Staff Editorial: Hazing is an issue beyond NT


NT News File Photo

Cultures of hazing are passed down by previous generations; organizations on campuses across the nation and at New Trier struggle to address it

A few weeks ago, the New Trier boys lacrosse team’s season was put on probation due to allegations of hazing. A video resurfaced from a lacrosse party, in which one of the sophomores on the team was beaten with a wiffle bat and had beer poured on him. Currently, the team has been suspended, cannot participate in out-of-state games, and has to go through anti-hazing training.

This problem does not start or end with the New Trier boys lacrosse team. Between 2019 and 2021, there were 23 collegiate hazing deaths. While the players involved are certainly responsible for their actions, there are many others who play a role in the hazing.

First, the already graduated lacrosse players that were on the team overlapping with the current seniors have a role to play. Athletic hazing is almost always a tradition passed down from older generations of members of a club to its newest inductees. When seniors graduate, new freshmen and sophomores join the team to take their place.

Coaches often know about their sports teams’ initiations, whether they are just silly and harmless or actual hazing. In August of 2021, a lawsuit involving alleged hazing was filed by parents of two football players at Plainfield Central High School, only an hour away from New Trier. The lawsuit asserts that coaches were very much aware of the team’s hazing traditions and even had a nickname for it: “Code Blue.” The seniors who were conducting the hazing had had the same done to them as freshmen, with the knowledge of the coaches. Usually, hazing is part of a sports team’s “culture,” and has been passed down from class to class of players as a sacred tradition.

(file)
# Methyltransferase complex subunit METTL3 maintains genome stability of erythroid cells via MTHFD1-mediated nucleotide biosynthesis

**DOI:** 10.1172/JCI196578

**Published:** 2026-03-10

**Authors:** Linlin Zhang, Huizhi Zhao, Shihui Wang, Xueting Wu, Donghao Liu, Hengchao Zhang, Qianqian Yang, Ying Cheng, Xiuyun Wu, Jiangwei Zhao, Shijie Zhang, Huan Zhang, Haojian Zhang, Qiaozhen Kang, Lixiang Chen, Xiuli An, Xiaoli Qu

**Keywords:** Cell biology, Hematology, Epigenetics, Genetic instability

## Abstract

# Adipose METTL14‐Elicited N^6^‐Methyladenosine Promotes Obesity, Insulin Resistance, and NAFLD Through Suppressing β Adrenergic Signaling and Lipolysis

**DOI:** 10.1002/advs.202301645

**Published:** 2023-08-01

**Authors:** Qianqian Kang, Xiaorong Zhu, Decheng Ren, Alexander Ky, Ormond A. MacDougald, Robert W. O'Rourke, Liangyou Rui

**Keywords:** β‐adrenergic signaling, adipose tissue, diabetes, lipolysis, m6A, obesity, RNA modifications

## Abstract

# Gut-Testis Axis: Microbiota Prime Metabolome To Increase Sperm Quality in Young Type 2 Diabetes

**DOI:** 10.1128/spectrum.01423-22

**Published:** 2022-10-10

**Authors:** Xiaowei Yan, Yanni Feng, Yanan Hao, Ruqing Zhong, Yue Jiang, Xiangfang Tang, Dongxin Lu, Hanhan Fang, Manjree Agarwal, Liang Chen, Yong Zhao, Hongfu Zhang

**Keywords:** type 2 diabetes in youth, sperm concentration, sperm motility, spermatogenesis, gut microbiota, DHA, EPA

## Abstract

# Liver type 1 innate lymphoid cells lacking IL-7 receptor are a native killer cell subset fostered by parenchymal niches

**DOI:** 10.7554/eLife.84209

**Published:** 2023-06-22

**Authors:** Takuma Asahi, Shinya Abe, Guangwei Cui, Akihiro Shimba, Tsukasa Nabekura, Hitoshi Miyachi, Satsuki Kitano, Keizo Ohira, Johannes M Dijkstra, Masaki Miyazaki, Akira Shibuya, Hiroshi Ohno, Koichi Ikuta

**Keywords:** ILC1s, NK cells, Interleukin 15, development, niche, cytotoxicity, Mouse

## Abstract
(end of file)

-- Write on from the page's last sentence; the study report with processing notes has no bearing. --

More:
The reason that hazing is so prevalent nowadays is because of its hereditary nature. The students doing the hazing were hazed themselves, by students that were also hazed. Hazing is also a major issue on college campuses. Between 2019-2021, there were 14 deaths due to hazing reported, a majority from Greek life. Sports teams and even a Florida Marching Band also participate in these “rituals.”

So if hazing is so clearly cruel, why haven’t most of these groups stopped yet? And why haven’t seniors who have been through hazing of their own decided not to make their new members go through it?

Part of it lies with the power imbalance between seniors, who have three years of experience under their belts, and new members, who have none, making them an easy target. There also comes a sense of pride with continuing traditions passed down by team members long graduated and continuing with the organization’s history. There’s also the component of the seniors having been hazed themselves, and incorporating the new members as a part of the team by making them go through what they had to go through.

However, there are clearly other ways to bond with new team members that don’t put their safety at risk. Many teams do fake “kidnappings,” where (with parents’ permission) they wake new members up early in the morning and initiate them in non harmful ways, then take them out to breakfast.

While it’s important for teams to get to know each other, and for new members to feel like a part of the team, there are ways it can be done without putting students’ safety and lives at risk, and without risking getting suspended and not being allowed to participate in the events that bind them together in the first place.